Study: More Homeless Children Now Than Any Point in US History
The annual levels of homelessness among children have never been higher in the United States, according to a new comprehensive report released on Monday.
Prepared by the National Center on Family Homelessness, the report— (pdf)—shows that with poverty and inequality soaring in recent years, approximately 2.5 million children in 2013 found themselves without a roof over their head or place to call home. That number equals one in 30 American children nationally, and constitutes an 8 percent increase over the previous year.
“Child homelessness has reached epidemic proportions in America,” said Dr. Carmela DeCandia, director of the NCFH, in a statement. “Children are homeless to night in every city, county and state — in every part of our nation.”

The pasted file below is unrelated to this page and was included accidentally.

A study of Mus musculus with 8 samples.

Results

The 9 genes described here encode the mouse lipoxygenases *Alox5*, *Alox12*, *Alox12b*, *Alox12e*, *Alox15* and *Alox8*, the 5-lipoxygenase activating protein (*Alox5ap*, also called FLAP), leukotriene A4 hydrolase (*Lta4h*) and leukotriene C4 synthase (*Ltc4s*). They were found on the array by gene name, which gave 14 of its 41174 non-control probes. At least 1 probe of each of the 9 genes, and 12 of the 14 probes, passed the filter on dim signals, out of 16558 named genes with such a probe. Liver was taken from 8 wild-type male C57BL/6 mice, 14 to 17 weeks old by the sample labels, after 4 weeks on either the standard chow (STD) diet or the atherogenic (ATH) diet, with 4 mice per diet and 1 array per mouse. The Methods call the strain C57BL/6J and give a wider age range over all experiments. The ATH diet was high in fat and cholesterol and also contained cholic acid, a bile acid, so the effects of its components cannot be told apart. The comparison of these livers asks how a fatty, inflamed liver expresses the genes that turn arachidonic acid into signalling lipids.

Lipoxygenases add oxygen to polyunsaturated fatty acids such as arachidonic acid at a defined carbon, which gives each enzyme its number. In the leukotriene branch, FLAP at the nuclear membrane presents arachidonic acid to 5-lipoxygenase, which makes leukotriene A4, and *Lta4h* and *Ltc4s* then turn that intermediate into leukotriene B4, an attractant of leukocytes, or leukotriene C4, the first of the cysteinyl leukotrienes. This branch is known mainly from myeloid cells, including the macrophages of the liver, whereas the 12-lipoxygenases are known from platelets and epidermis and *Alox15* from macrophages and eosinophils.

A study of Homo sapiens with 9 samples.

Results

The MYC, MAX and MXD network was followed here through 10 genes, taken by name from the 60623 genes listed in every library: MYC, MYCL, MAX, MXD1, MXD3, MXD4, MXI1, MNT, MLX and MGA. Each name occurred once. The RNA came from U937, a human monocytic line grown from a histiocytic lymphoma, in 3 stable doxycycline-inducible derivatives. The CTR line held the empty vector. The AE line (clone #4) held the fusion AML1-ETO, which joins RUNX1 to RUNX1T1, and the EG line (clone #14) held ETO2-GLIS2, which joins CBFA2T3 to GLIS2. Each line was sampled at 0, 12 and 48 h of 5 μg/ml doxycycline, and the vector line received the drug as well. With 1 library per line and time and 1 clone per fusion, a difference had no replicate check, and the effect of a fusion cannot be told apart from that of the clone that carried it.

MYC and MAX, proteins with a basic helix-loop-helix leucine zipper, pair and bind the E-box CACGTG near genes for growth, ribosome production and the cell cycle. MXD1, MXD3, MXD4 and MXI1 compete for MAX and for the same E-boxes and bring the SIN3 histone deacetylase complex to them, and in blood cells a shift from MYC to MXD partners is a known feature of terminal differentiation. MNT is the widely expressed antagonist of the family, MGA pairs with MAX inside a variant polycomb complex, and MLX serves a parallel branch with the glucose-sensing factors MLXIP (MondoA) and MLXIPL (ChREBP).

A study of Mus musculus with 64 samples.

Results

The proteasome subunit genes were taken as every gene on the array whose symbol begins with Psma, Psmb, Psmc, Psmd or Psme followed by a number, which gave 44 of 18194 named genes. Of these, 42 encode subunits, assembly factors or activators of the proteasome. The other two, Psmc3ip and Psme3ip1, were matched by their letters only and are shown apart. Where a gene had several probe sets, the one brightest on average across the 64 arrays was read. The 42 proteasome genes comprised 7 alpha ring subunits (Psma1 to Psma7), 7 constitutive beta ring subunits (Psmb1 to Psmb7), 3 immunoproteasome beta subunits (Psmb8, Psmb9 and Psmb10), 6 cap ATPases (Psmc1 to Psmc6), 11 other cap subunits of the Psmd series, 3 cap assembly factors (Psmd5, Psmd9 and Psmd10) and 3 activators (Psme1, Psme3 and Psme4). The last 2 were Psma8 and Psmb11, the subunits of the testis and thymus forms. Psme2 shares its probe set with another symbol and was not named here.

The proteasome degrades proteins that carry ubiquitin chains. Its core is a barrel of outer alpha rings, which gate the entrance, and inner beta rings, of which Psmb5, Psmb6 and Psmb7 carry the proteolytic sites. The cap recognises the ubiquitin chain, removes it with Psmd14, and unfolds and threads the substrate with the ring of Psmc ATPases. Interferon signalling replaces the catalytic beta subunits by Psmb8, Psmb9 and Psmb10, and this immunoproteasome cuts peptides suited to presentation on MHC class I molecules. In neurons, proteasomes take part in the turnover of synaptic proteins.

Based on federal and other available data and broken down by state, the analysis shows that homelessness among children varies widely depending on geography. The report includes an index ranking based on four basic criteria: 1) the extent of child homelessness (adjusted for population); 2) general well-being of the children; 3) risk for family homelessness; and 4) state policies designed to combat the problem. Ranked from 1-50, the states with the best scores were Minnesota, Nebraska and Massachusetts. The worst states for homeless children were Alabama, Mississippi and California.
The report cites the major drivers behind the crisis, which include: 1) the nation’s high poverty rate; 2) a lack of affordable housing across the nation; 3) the continuing impacts of the Great Recession; 4) racial disparities; 5) the challenges of single parenting; and 6) the ways in which traumatic experiences, especially domestic violence, precede and prolong homelessness for families.